As you know, we are officially on our summer break. This year we have been trying out a Sabbath-type schedule where we go roughly six weeks on, one week off, with longer breaks around Christmas and summer. The last week of May would have been our sixth week before a longer break. However. When I found myself hiding in my room by ten on a Monday morning - after breaking up approximately twenty major emotional dramas - I realized the second to last week of May would work just as well. And so we were done. I am strongly reminded of this post from a few years ago about ending the school year without any fanfare, particularly this quote:
I like to remind myself that a commitment to lifelong learning frees us from the need to start and end at certain times.
Dropping It All, Rene Tougas
At a time when the "Last Weeks of School Blues" posts are starting to whip around social media (here's a particular favorite), I chose to embrace my homeschool freedom and be done. We'll start up again in early July, with our relaxed summer schedule and studies. More to come on that.
I have now been homeschooling a high schooler for nearly nine months. (Cheers, applause, and gifts of fine wine are all appropriate here.) It's taken that long to craft a rhythm that is true to how I mother my children, who I am as a homeschooling parent, and who Allie is as a student. When we started, I was reeling from the addition of an out-of-birth-order child into our family and trying to grow and adjust my parenting to meet her needs at the speed of light. So hard, and I wish I could have had more grace for myself. Anyway, the best I could do at that time was to simply "do school at home," mostly taking what would have happened in the classroom and just doing it at home. I wasn't happy because I wasn't being authentic to myself as a teacher. My student, who had almost always lived with kids her own age, (and was heavily influenced by frequent consumption of tv shows such about high schoolers as Glee) did not catch my vision for her education and, furthermore, found homeschooling with three small children rather *cough* less than desirable.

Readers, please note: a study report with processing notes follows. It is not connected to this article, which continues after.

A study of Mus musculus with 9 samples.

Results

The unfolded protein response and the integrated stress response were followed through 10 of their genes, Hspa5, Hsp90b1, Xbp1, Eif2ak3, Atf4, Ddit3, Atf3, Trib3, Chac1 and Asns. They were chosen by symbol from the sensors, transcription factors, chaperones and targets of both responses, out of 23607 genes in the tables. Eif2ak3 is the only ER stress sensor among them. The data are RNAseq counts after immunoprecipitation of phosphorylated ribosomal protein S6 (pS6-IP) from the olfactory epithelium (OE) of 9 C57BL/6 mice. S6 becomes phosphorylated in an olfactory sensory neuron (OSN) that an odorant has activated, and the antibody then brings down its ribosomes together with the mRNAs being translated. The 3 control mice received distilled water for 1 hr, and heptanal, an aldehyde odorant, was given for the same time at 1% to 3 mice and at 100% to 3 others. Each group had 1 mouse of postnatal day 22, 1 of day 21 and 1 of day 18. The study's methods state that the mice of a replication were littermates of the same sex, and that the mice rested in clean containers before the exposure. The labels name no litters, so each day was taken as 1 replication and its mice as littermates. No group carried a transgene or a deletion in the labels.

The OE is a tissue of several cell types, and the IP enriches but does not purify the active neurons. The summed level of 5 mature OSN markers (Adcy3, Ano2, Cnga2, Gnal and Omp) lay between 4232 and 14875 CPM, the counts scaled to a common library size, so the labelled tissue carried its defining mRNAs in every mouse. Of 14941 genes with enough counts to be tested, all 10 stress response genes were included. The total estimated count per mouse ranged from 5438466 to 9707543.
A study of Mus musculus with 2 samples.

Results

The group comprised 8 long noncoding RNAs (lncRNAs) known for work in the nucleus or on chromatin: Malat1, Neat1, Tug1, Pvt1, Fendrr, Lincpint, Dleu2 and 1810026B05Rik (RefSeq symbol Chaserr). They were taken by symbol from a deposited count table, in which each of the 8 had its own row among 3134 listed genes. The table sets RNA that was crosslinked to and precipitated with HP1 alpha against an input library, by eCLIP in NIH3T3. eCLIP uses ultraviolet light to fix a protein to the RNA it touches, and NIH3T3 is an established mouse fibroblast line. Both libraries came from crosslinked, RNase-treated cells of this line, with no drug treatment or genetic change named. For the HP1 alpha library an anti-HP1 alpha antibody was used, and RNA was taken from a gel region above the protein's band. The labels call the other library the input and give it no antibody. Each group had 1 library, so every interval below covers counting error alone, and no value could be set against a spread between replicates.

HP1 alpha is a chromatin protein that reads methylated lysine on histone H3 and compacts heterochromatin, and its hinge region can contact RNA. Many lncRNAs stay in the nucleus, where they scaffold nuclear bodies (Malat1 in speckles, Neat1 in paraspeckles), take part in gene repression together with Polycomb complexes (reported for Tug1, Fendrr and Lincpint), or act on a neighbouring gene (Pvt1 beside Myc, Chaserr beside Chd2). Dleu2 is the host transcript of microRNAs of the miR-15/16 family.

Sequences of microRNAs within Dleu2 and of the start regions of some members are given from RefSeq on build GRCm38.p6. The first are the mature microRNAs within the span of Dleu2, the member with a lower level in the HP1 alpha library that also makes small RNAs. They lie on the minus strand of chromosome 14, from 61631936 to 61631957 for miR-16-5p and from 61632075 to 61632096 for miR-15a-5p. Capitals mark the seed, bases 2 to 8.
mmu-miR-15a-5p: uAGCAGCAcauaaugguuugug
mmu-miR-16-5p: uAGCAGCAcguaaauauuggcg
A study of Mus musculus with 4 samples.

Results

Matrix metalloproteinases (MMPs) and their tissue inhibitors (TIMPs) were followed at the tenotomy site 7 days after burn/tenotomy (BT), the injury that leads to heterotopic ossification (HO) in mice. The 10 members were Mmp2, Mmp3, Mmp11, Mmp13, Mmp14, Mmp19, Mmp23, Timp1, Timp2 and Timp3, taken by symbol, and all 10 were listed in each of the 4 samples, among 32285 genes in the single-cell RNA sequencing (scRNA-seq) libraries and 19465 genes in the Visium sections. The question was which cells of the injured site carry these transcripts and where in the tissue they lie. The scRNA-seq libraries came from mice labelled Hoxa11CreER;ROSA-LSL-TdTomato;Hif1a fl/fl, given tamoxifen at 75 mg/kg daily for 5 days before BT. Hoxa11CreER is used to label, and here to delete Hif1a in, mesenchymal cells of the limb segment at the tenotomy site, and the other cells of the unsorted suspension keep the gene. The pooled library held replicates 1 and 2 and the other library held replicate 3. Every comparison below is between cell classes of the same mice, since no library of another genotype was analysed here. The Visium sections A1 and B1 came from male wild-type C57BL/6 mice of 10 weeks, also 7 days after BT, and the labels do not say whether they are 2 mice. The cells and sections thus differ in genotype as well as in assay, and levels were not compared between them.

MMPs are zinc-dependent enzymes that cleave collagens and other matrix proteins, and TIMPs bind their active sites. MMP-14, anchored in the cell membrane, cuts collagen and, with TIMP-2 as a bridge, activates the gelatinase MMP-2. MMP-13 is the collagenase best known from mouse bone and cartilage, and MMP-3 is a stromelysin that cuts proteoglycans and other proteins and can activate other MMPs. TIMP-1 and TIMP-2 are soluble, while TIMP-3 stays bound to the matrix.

|Poetry tea time, and my first donut in three gluten-free years.|
But over time, we started to get it. I chose better novels and
It's still difficult for Allie to find motivation some days. She often still wishes she could just go hang out at the local high school before school, after school, between classes, and during lunch. (I told her to have some friends come hang out with me and the littles for a quesadilla lunch but she didn't seem to think that was quite the same.) Occasionally, Allie and I have deep and profound disagreements over things like whether laying on the trampoline while your siblings bounce around you counts as P.E. or whether a paragraph counts as an 5 page essay or not. It's still rough sometimes. But I actually heard her tell someone the other day that she liked her homeschool freedom to build her own classes, do her schoolwork in her pajamas, be done by noon some days, and enjoy more success overall. This from the girl who used to tell anyone who would listen that she was being tortuously homeschooled (at home) against her will (at home). It's almost like this homeschooling thing is working. . .
Figuring out Allie's school definitely took the lion's share of my attention and energy this year, but I don't want to gloss over the other students at here at Cyrus Academy for the Unusual Child. Ava and Wyatt continued with Classical Conversations' Foundations program this year, and that was, as always, an encouraging and effective mainstay in our school week. I heart Classical Conversations. Ava is in approximately second grade and Wyatt approximately kindergarten. Somehow, they both made substantial progress despite the chaos and will be in third-ish and first-ish grades next year. Wyatt has been reading for sometime, but really turned a corner and has become a voracious independent reader of chapter books. We go to the library once a week and it's almost not enough.
This year, Ava and Wyatt learned multiplication and Latin grammar. They memorized poems, hymns, and bible verses. They studied famous artists and composers and practiced the habits of gratitude, service, and unconditional love. They beefed up their tennis skills, researched chemical elements, bugs, plants, and whatever else caught their attention, and stacked their brains with what is probably several years worth of American geography and history. They went on a cattle round up, visited several nature preserves and conquered some difficult hikes. Ava loves to write and she and I formed a creative writing group with Allie, based around the book Writer to Writer (by the author of Ella Enchanted).
This is is truly an amazing list. I had to frequently set aside lessons to work on character building and training, and most of the time it felt like nothing was getting done. And yet. . .somehow it all adds up to a fantastic year of stretching, growing, and learning.
Last fall's back-to-school post and pictures can be found here.